Strep Throat versus Tonsillitis
We've established that your tonsils can be affected by strep throat. Does that mean strep throat is just an interchangeable term for tonsillitis? That's actually not the case. According to the Mayo Clinic, while tonsillitis can be caused by group A streptococcus, the same bacterium that causes strep throat, it can also be caused by other strains of strep and other bacteria.
That's why if you or your child is experiencing symptoms like a sore throat or swollen tonsils, it's essential to consult with your doctor to get a proper diagnosis and receive appropriate treatment. While you can go to your dentist if you think you have tonsillitis, your general physician will probably be the best healthcare professional to consult in this situation.
If you have strep throat, your doctor will most likely prescribe an oral antibiotic. If taken within the first 48 hours of becoming sick, the antibiotics will decrease the length and severity of your symptoms, as well as reduce the chance of you spreading it to anyone else.
If you have tonsillitis, your doctor will first figure out if it's caused by a virus or a bacteria, like group A strep. If a virus has caused your illness, rest and at-home strategies are the only treatment. But if a bacterium causes your tonsillitis, your doctor will most likely prescribe a course of antibiotics.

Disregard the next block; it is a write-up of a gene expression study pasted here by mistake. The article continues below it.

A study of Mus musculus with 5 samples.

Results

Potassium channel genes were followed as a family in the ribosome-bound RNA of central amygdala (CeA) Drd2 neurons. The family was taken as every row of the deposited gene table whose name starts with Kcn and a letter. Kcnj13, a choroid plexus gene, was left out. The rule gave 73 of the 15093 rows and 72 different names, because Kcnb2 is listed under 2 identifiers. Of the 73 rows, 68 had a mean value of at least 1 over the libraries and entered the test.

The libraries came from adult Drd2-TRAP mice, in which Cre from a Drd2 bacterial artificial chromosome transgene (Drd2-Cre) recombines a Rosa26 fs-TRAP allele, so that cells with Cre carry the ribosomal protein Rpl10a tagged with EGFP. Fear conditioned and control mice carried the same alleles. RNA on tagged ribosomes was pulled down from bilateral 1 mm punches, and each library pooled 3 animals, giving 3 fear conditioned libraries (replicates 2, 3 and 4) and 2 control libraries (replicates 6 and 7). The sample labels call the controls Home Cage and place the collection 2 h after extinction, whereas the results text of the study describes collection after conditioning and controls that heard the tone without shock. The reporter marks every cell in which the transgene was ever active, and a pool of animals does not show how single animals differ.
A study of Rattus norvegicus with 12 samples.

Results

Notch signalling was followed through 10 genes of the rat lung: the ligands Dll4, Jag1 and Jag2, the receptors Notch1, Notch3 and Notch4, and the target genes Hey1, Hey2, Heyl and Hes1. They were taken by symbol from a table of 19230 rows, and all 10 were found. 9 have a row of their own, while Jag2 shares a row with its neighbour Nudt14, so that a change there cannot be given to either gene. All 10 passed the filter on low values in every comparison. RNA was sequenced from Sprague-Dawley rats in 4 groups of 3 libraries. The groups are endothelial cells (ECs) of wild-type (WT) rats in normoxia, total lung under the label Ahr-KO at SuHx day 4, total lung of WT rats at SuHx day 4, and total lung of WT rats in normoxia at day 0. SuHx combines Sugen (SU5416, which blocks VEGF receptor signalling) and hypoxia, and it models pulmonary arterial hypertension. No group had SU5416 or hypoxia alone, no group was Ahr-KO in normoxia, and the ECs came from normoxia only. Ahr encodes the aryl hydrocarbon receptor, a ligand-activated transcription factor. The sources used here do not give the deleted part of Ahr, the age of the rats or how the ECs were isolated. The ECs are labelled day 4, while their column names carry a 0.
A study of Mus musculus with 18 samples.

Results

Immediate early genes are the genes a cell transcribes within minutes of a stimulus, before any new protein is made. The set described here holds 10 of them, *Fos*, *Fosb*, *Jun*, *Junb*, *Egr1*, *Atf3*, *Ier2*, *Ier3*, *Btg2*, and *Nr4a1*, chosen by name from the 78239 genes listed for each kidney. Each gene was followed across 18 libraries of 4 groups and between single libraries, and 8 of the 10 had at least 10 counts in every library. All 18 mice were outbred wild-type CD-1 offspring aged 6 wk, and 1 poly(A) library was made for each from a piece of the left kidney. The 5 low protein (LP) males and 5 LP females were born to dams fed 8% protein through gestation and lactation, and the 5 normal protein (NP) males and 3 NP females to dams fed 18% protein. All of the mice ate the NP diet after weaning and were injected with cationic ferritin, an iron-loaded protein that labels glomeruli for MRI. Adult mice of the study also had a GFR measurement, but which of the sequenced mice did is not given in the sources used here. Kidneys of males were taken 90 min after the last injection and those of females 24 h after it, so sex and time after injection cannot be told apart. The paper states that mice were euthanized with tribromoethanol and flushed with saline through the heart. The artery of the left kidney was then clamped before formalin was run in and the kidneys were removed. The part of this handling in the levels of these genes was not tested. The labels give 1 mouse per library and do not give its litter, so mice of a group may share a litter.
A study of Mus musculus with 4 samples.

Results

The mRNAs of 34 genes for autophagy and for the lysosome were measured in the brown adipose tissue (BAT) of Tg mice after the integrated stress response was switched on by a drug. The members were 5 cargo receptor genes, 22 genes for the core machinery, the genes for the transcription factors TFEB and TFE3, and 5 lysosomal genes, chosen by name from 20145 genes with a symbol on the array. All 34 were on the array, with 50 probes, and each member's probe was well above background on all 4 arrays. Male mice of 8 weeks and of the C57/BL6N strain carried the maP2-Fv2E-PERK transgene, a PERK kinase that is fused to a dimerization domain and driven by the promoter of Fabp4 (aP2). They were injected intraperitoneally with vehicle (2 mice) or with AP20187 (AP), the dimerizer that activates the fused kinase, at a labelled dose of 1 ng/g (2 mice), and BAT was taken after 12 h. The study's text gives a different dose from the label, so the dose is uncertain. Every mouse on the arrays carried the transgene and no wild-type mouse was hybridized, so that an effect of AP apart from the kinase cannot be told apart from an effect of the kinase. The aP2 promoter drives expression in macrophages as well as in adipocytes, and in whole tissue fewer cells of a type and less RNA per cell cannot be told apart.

If your child has recurring strep throat, you might also wonder if removing the tonsils might help. The Mayo Clinic notes that if your child is diagnosed with strep throat seven or more times a year, a tonsillectomy (removal of the tonsils) can reduce the frequency and severity of strep throat infections. That said, your child may still get strep throat even after having their tonsils removed.
Strep throat can be really painful, no matter what age you get it at. If you're worried about sore tonsils, don't hesitate to consult with your doctor. Getting the right treatment as soon as possible is key to ensuring you are healthy and pain-free!